Today a news story of moderate importance broke. The Vatican Information Service indicated obliquely that Rome was acknowledging a decision the Ukrainian Catholic Church made some months ago: to move its major see from Lviv to Kyiv, and move Cardinal Husar, the major archbishop who presides over that Eastern church, along with it. The VIS announcement simply mentioned that Cdl. Husar had transferred an auxiliary bishop to fill the see at Lviv.
Cardinal Lubomyr Husar, Archbishop Major of Kyiv-Halyc, with the consent of the Synod of the Greek-Catholic Ukrainian Church and after having informed the Apostolic See, transferred Bishop Ihor Vozniak, C.SS.R., from Auxiliary Bishop of the Archeparchy of Lviv of the Ukrainians to residential Archbishop of the same see.
Gotta do your homework
Now, this is pretty arcane stuff, and normally the Internet’s Vatican watchers would jump over themselves to explain the minutiae. Alas, the most vigorous self-promoter among them, the religion blogger Rocco Palmo, stumbled over the story, posting two misleading entries on this one news item.
The Vatican Press Office reported that Rome had been informed about the change, and no assent by the Pope was required or requested, but Rocco mistook this for a sign of a change in the self-governance of the Ukrainian Church. The able “New Catholic” over at Rorate Caeli clarified the details nicely in his post, complete with citations from canons 85, 152, and 182 of the Eastern code: there was nothing new here, in regard to the relation of Rome and the Eastern churches.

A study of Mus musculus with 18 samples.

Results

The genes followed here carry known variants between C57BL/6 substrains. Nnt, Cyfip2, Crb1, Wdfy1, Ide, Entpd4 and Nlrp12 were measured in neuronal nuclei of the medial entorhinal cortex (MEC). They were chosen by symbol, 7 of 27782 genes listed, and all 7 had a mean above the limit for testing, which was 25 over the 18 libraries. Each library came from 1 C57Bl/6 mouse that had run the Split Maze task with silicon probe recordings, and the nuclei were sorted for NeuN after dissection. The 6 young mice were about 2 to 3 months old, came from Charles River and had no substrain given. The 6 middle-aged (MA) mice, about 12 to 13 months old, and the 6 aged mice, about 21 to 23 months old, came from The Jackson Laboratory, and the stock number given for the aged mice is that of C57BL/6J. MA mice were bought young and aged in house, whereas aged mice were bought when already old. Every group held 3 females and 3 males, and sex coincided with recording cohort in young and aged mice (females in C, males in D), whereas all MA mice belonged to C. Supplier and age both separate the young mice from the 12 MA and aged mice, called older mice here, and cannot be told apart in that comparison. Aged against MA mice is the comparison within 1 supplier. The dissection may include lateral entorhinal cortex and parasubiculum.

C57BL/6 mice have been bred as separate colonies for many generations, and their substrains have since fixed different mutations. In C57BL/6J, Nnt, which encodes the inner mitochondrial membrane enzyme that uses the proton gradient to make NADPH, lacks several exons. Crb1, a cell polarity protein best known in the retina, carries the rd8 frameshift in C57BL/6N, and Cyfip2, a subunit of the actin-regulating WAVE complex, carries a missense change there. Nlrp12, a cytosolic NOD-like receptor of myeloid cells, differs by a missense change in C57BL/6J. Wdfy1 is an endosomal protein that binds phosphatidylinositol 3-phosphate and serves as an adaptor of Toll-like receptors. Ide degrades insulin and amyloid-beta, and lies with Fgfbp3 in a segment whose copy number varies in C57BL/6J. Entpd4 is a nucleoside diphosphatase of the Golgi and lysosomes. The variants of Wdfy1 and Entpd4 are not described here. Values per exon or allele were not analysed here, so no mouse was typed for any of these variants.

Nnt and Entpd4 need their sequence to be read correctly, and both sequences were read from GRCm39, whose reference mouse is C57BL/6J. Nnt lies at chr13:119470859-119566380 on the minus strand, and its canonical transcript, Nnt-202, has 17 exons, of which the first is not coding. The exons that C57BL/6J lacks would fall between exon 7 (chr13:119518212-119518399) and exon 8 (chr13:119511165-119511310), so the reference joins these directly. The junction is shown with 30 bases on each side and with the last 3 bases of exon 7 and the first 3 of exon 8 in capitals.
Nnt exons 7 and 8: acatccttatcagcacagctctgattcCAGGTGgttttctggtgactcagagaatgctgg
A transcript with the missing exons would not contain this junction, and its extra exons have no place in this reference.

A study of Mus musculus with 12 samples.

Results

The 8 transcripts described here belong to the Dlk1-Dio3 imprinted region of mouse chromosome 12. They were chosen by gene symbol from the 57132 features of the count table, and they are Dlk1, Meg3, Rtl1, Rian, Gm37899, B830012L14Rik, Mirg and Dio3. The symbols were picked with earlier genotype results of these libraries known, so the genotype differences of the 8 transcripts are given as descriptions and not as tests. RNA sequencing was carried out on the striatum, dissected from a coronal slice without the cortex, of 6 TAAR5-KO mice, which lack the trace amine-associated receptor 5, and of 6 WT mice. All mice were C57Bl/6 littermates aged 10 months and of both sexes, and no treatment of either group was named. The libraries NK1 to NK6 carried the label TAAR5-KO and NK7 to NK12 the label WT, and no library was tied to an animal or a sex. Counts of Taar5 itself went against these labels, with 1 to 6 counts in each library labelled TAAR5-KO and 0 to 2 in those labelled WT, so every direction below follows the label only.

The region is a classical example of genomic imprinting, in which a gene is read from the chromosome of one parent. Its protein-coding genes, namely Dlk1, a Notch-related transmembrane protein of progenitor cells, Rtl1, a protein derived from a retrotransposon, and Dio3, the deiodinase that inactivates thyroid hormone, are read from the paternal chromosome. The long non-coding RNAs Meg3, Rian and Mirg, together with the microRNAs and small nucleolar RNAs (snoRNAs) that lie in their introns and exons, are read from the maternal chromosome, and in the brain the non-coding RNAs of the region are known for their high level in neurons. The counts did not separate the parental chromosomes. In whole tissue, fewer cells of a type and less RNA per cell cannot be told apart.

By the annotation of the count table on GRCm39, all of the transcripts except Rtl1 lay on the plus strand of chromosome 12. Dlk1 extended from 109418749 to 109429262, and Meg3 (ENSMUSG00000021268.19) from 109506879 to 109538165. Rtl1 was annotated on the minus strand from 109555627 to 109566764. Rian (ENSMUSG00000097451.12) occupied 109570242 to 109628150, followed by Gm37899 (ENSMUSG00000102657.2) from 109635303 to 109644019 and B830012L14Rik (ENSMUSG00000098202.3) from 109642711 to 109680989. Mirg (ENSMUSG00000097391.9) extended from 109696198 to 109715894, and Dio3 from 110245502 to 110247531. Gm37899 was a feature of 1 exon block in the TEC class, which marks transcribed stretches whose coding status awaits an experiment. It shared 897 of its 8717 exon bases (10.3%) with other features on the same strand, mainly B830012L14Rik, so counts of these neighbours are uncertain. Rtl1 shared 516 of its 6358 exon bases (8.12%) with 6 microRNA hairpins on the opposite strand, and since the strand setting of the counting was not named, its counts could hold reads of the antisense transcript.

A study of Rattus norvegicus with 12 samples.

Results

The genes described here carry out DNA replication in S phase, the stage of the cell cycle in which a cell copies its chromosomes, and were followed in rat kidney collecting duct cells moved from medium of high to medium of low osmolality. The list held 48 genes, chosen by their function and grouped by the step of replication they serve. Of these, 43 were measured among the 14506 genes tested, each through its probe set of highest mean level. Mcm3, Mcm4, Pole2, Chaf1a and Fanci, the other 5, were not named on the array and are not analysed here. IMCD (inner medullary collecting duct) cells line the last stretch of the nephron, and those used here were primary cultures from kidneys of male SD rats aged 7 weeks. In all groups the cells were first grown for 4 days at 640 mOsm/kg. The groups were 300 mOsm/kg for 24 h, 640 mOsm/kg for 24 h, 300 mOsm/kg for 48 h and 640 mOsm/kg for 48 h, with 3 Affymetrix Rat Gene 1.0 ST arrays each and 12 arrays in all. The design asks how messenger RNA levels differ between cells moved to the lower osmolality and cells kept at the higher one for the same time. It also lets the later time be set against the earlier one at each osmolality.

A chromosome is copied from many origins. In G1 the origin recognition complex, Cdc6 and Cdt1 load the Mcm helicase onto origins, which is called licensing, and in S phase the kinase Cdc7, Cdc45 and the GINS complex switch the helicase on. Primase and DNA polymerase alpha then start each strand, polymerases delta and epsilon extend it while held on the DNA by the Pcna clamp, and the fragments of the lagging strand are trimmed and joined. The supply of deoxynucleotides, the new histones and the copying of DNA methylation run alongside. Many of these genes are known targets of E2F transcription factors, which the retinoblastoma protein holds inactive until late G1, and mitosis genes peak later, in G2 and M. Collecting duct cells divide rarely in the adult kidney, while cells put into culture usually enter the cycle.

A second post from Rocco backed off the mistake part-way, but added a new gaffe, claiming that Cdl. Husar would only have power to transfer a bishop without Roman consent “for a grave reason”, under canon 85. However, this is not so: the proviso “for a grave reason” (para. 1) doesn’t apply to the powers Cdl. Husar used (para. 2, 4).
So what we can establish beyond a reasonable doubt is that the noisiest would-be vaticanista on the net either hasn’t read or cannot understand what he’s writing about today. (Perhaps, for shame, he doesn’t even own a copy of the CCEO.) Considering the amount of time and space he spends boasting about his expert abilities and fantasizing that conservative writers envy him, it’s a pity he hasn’t learned to read.